It is extremely difficult to find anything negative to say about the Indians spending money. To see the Dolan family kick up the payroll like this is so exciting, we should all just throw a party and forget about it. But reality will always intrude. The fact is that any money the Indians spend is a precious commodity, so it is essential that it be spent wisely. To that end, here are some thoughts and reservations I have about the deal.
First, all indications are that Kyle Lohse could have been had for a similar deal. Regardless of how much hitting the Indians add, they will not be true contenders without improving the rotation. Neither Bourn nor Lohse seemed to have any offers on the table. The best way to look at this is that Lohse would have been more of an improvement over the starter he replaces than Bourn will be over the hitter he replaces.
Second, four years for a player who relies on his legs is a long time. Hopefully the Indians did not include a no-trade clause. Bourn is 30 and has no power; if he gets to the point where he is not a capable center fielder or leadoff hitter, there is no other way for the Indians to recoup the value of this contract other than to trade him. Since this deal is backloaded, it means that when Bourn and Swisher are at the end of their deals they could be a larger drain on the payroll than Travis Hafner ever was. It may be that there is so much cash flowing in by then because of the STO deal and the MLB TV deal that it won’t matter, but we’ll have to wait and see about that.
But perhaps most importantly, I would be surprised if the Indians have simply increased payroll; it seems likely that they will trim payroll somewhere else. The excess pieces that have been accumulated on the pitching staff would enable them to make a trade, but the only salaries large enough to approach balancing Bourn’s are Chris Perez, Ubaldo Jimenez, and Justin Masterson. Masterson has the best chance of any Indians pitcher of becoming an ace, so trading him would be a mistake. Jimenez would most likely be traded in a salary dump once the season has begun and the Indians are certain they have five capable starters, provided he hasn’t experienced a resurrection in the early part of the season.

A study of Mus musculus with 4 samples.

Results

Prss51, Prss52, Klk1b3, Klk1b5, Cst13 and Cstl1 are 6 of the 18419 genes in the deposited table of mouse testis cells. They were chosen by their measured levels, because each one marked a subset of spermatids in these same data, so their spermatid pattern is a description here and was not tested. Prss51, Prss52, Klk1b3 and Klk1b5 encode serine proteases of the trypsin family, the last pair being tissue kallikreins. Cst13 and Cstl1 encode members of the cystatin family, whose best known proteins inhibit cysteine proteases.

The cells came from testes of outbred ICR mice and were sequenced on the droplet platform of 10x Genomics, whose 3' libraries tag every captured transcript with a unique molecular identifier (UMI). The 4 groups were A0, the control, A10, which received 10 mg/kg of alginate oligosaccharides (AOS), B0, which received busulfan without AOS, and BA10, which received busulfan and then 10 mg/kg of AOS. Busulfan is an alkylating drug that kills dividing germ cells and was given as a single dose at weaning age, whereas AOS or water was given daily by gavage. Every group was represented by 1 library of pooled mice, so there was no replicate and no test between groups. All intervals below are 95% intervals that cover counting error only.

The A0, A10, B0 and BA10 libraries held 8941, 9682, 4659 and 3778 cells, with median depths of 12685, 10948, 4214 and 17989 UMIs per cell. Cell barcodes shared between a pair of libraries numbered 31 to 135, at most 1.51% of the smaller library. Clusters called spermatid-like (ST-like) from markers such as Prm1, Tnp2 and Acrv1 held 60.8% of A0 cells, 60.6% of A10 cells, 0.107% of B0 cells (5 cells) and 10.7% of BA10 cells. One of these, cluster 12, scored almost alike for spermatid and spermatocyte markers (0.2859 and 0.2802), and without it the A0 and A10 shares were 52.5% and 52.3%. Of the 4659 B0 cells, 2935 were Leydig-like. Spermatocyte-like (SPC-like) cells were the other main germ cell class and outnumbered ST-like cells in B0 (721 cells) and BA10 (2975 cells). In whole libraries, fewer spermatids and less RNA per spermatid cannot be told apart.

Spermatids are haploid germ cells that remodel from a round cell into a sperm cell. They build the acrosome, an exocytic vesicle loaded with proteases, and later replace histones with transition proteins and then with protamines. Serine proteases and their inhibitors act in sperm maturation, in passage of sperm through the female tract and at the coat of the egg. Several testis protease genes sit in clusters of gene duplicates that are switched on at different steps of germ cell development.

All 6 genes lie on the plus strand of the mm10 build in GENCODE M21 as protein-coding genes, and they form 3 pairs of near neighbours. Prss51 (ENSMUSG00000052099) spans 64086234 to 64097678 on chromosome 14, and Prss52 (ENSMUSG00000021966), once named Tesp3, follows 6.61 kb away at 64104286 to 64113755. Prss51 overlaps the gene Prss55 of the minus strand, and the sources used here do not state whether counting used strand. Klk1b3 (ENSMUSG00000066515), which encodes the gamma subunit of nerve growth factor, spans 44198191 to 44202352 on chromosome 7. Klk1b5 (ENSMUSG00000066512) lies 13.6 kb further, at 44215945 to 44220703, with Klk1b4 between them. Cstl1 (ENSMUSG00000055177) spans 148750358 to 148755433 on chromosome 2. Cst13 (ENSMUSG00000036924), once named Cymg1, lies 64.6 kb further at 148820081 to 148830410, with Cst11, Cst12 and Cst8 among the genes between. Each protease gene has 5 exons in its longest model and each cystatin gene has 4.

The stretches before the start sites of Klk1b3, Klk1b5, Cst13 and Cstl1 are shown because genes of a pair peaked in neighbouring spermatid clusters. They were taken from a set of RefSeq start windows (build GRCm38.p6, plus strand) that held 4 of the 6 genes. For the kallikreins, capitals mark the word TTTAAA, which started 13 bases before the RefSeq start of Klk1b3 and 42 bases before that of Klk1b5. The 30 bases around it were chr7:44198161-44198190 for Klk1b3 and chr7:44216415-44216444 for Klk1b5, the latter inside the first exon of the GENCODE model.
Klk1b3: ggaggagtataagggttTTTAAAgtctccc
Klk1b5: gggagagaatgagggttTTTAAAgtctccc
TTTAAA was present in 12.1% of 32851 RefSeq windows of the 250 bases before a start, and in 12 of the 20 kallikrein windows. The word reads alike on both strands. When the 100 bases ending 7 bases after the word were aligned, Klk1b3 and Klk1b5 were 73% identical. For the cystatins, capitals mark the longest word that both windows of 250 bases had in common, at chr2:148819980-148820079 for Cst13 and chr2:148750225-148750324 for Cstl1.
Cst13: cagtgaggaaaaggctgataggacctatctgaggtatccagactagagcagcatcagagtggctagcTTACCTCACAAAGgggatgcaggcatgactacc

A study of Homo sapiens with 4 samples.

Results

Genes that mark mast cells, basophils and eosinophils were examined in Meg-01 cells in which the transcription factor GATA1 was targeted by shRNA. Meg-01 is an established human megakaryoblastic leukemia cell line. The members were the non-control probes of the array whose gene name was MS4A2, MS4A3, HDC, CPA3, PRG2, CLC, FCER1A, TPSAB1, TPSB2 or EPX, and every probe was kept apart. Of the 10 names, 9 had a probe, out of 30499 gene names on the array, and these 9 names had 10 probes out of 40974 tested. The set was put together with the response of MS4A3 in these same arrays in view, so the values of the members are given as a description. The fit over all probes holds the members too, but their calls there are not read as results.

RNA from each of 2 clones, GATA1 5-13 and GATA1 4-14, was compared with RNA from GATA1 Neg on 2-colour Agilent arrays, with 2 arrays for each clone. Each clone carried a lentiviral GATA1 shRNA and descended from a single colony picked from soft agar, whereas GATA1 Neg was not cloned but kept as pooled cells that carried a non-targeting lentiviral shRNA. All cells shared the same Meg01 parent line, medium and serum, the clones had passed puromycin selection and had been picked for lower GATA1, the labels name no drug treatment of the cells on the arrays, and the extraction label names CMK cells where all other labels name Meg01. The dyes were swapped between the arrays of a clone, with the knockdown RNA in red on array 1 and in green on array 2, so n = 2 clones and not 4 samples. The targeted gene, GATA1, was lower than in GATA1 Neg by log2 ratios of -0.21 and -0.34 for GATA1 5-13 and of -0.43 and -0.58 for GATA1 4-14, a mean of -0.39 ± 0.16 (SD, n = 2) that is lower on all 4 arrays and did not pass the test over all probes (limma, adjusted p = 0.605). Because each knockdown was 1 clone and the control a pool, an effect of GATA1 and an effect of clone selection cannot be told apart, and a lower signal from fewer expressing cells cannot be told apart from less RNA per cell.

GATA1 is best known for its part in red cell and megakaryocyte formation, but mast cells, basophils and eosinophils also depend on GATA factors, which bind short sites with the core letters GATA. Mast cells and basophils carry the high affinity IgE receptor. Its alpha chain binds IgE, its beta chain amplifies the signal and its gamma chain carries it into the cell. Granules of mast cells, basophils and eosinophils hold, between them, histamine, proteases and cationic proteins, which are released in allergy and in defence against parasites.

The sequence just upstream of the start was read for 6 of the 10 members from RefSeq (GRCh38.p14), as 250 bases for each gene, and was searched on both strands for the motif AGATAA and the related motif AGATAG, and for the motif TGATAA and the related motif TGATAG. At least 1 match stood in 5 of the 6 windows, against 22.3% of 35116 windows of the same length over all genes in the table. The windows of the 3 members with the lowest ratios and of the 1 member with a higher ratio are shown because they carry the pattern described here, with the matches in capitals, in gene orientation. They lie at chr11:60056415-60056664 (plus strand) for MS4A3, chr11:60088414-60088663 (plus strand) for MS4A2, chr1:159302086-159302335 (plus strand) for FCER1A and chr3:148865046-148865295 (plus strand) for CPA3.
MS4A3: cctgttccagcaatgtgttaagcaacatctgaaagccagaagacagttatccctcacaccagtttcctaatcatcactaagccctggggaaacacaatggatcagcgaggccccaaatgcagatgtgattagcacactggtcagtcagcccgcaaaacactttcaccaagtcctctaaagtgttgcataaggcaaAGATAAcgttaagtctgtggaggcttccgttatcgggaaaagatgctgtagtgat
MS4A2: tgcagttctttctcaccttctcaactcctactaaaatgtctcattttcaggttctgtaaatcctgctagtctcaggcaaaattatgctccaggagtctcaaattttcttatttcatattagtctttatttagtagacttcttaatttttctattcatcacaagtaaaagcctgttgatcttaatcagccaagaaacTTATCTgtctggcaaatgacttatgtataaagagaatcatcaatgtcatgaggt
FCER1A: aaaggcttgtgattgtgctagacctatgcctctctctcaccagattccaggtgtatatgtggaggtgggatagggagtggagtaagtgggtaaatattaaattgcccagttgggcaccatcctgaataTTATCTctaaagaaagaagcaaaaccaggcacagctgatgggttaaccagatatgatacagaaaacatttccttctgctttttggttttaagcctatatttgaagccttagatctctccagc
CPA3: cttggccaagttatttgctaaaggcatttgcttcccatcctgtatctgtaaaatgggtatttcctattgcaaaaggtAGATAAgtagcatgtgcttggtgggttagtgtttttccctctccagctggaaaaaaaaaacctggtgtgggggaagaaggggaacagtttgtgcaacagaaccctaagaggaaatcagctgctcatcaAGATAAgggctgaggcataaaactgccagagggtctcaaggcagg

That leaves Perez. The Indians have enough bullpen depth to replace him in terms of raw numbers, but trading him requires that Vinnie Pestano become the closer and someone else steps up to fill Pestano’s shoes in the eighth inning. It is a gamble, but teams on tight payrolls need to gamble somewhere, and the ability to develop capable relievers is essential for a small market team.
As for where to go from here, I have seen conflicting reports about who stands to lose playing time to Bourn. I would rather see Drew Stubbs remain in the starting lineup. It is difficult to imagine Stubbs being a reserve given his salary, but he has skills that justify seeing what he can contribute. An outfield of Stubbs, Brantley, and Bourn would likely be the best in the American League, and the three could combine for a hundred stolen bases. I would lean toward a lineup with four “starting” outfielders, with Swisher DHing about half the time and Brantley, Bourn, and Stubbs spending enough time there to keep their legs fresh all year. When the Indians signed Reynolds they said his defense was a plus, so leave him there, with Aviles and Santana as backups.
Turning to the batting order, assuming Bourn is locked into the leadoff spot Brantley should hit second. There is a tendency these days to put a speed guy in the No. 8 hole, but Brantley gets on base more than Jason Kipnis, the other logical candidate. Kipnis and Lonnie Chisenhall in the Nos. 7 and 8 holes should be able to produce some runs. Stubbs, with his history of epic slumps, is best suited for the No. 9 hole, where his hot streaks will be a bonus but not essential to the everyday attack.
If nothing else, if the Indians are twenty games out in July, they have created the opportunity to make a bunch of trades and build their farm system. Brett Myers, Reynolds, Jimenez, Perez, and Cabrera will all be highly attractive to contenders. I don’t expect that to be an issue, though. If they want to contend, they will need one more shutdown starter, but still these moves have improved the Indians to the point where I expect them to be a .500 team and stay on the fringes of the race.